That line used in martial arts as a guide in kata practice. Embusen is the line or pattern that a kata follows in its performance. It is the tool that teaches proper movement, stance, kamae, how stances and movement apply to the particular tactic/technique applied in any given situation or action. The embusen line is different for each kata. It has a start point and end point. It is a blueprint for kata practice. 

- act, perform, play
- martial, manly, strong, mighty, brave, power of fighting
- a line, wire, a lane, a track, a figure, a level

The embusen is often thought of as a static line that does not move once the kata begins. In the shu stage of the shu-ha-ri that may be true. It is best if something static is provided for beginner/novice practitioners. Even the few who enter the "ha and ri" stages of practice still consider the embusen as a stationery or static line followed religiously - that is just not accurate.

As a practitioner enters into the "ha" and "ri" stages the embusen moves and is considered much like kamae, i.e. not a particular or static stance but something more fluid and transitional. This is true of the embusen line in kata as well.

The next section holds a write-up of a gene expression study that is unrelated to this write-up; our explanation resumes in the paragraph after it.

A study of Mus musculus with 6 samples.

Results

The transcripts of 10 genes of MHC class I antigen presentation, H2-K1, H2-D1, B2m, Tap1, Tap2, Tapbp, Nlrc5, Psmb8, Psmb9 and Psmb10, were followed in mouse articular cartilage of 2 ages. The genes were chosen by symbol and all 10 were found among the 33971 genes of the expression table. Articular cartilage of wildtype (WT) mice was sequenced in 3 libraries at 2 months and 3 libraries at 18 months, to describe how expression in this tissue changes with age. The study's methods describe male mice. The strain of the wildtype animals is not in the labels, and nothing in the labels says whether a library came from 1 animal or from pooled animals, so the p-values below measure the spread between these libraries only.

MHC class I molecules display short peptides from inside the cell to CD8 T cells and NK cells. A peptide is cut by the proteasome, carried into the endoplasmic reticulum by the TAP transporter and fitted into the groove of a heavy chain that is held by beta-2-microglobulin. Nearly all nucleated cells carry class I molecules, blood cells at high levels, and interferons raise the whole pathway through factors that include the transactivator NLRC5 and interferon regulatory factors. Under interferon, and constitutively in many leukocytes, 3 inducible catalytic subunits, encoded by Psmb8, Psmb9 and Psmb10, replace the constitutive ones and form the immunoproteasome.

Take a look at the following graphic of the standard then the 45 degree variations of the embusen for Naihanchi kata of Isshinryu. As you enter the "ha" and "ri" stages of training you have to visualize and implement the fact that once you start something you will invariably have to make adjustments in the heat of battle. This variation practice gets you thinking and working with such variations with kata and with drills derived from kihon and kata. Once you begin thinking and acting on such variations you will find interesting and beneficial results from kata, etc. practices. 

The embusen is also meant to be subjected to the requirements of karate practices through things like the "shu-ha-ri" philosophies, etc. It is that which makes the difference between a physiokinetic practice and the full wholehearted practice we should achieve as would be insinuated by things like the gokui, shu-ha-ri and shin-gi-tai, etc.

Click for larger view.
Think of this practice like drills, i.e. where uke or tori suddenly change the strategies and tactics. Once you begin with one direction be prepared to change it dynamically to achieve your goals and strategies. 

2 comments:

Sue Wharton said...

Interesting that you've written about embusen, I'm in the middle of an art project based on the embusen of the pinan katas! Perhaps I'll post my art work when it's finished.

Charles James said...

Hi, Sue: I would be interested in seeing your art work on the embusen of the pinan kata's.